Special Report

Judy Garland’s Greatest Movies, According to Data

Judy Garland, who helped lift America’s spirits during the later stages of the Depression in the 1930s and continued to turn in strong performances into the ‘40s and ‘50s (plus a few in the early ‘60s), would have turned 100 on June 10. She was one the brightest stars during Hollywood’s Golden Era, but a tragic one as well. She scaled the heights of fame, appearing in such films as “A Star is Born,” “Meet Me in St. Louis,” and “Easter Parade,” but battled drug and alcohol addiction throughout her career.

To determine the best Judy Garland movies, 24/7 Tempo developed an index using average ratings on IMDb, an online movie database owned by Amazon, and a combination of audience scores and Tomatometer scores on Rotten Tomatoes, an online movie and TV review aggregator, weighting all ratings equally. Directorial and cast information also came from IMDb.

America has always had a soft spot for Garland, the youngest daughter of vaudevillians from Minnesota. Her mystique is such that in 2019, 50 years after her death, a Garland biopic was a box-office success and won a Best Actress Oscar for Renée Zellweger.

Her early films were infused with optimism and energy at a time when America needed both. She appeared in five lavish Busby Berkeley productions, and was paired with Mickey Rooney in 10 films. Garland put on her dancing shoes for films with hoofers Gene Kelly (“For Me and My Gal”) and Fred Astaire (“Easter Parade”). She played few straight dramatic roles, but won plaudits for them. (See where Garland’s films fared among the best musicals of all time.)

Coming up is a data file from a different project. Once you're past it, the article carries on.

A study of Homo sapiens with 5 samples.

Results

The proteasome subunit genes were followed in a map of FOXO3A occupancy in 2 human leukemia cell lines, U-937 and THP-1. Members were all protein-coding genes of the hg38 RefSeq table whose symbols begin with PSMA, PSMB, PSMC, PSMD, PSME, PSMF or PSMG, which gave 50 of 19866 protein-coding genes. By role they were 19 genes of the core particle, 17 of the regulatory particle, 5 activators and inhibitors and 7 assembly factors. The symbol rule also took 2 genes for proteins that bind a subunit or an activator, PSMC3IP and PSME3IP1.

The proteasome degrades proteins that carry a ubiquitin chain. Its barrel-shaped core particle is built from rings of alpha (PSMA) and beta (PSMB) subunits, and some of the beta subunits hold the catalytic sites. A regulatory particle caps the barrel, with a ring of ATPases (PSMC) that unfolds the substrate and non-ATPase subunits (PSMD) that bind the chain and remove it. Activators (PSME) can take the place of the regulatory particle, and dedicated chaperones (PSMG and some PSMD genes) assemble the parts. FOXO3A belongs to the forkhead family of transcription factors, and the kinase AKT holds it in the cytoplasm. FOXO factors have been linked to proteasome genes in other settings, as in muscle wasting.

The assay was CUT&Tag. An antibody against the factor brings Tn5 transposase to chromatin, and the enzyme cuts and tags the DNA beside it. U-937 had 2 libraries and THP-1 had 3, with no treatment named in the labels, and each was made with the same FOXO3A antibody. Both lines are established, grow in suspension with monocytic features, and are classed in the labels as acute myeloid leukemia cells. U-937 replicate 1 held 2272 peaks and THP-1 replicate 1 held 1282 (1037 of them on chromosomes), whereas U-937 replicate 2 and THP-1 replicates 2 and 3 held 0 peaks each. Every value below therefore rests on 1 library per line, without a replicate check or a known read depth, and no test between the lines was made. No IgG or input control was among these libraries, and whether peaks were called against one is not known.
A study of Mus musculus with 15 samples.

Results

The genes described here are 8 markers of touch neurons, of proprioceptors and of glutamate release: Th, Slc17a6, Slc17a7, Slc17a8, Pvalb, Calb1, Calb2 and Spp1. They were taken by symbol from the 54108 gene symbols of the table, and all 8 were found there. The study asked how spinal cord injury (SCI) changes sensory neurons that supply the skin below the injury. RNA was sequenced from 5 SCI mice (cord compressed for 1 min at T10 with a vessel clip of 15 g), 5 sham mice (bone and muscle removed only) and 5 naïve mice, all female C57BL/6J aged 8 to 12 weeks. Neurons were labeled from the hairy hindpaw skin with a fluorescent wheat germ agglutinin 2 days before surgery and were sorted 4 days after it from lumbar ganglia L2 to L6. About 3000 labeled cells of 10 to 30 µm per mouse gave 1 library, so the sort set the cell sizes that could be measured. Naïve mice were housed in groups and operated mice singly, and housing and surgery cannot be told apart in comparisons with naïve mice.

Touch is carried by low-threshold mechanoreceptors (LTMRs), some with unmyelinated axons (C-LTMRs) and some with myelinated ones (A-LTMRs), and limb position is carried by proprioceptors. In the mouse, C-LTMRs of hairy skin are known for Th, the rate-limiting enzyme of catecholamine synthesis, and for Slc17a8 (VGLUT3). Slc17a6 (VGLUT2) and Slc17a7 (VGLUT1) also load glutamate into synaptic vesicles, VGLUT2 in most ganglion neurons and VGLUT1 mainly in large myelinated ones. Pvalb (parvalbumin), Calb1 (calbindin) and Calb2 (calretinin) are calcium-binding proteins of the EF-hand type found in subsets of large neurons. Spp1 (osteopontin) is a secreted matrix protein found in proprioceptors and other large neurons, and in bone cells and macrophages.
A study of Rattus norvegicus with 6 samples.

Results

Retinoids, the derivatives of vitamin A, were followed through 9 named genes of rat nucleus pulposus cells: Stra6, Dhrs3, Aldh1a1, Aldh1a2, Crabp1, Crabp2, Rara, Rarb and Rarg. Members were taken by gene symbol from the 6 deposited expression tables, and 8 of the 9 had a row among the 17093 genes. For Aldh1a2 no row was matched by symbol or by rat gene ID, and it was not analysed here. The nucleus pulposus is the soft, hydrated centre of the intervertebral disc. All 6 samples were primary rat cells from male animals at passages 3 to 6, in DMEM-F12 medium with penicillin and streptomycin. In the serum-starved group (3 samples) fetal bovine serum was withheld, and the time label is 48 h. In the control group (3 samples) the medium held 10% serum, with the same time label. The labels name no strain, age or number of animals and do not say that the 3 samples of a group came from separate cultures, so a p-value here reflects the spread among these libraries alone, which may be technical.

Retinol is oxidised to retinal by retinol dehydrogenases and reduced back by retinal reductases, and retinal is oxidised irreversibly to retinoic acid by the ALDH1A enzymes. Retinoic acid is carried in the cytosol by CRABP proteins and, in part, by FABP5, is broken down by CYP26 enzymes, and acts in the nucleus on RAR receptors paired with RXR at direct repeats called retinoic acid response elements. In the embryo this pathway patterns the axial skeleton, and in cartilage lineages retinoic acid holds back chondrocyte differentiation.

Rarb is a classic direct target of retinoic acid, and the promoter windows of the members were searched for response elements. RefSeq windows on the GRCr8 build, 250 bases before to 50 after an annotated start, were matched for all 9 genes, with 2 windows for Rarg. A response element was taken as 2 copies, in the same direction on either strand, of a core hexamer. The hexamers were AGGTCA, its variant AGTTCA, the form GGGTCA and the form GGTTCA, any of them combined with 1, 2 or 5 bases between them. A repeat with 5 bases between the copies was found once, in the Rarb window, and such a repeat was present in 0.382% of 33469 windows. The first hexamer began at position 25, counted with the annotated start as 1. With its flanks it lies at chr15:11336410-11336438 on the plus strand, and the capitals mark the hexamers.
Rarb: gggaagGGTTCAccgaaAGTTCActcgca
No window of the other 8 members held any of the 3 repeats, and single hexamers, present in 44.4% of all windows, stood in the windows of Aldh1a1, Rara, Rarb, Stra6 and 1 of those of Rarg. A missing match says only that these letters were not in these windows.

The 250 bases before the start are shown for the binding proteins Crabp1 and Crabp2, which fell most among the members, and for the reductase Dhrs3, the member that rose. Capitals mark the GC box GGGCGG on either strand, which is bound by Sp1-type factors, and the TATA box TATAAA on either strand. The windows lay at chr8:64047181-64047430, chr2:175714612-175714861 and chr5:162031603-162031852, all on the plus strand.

Click here to see Judy Garland’s greatest movies, according to data

Garland’s addiction, which began as a child when her mother gave her stimulants to perform and depressants to rest. Movie moguls only made her life worse, restricting her diet because they thought she was overweight. She died at the age of 47 – $4 million in debt, according to some sources. (Here are 20 celebrities who died broke.)

The public either didn’t notice Garland’s problems or didn’t care. They were captivated by her charm and ability to seemingly live the songs that she sang. Garland’s character of Dorothy Gale from “The Wizard of Oz” –  the wide-eyed Kansas farm girl with pigtails and a blue-checkered dress – would become one of America’s most iconic film images.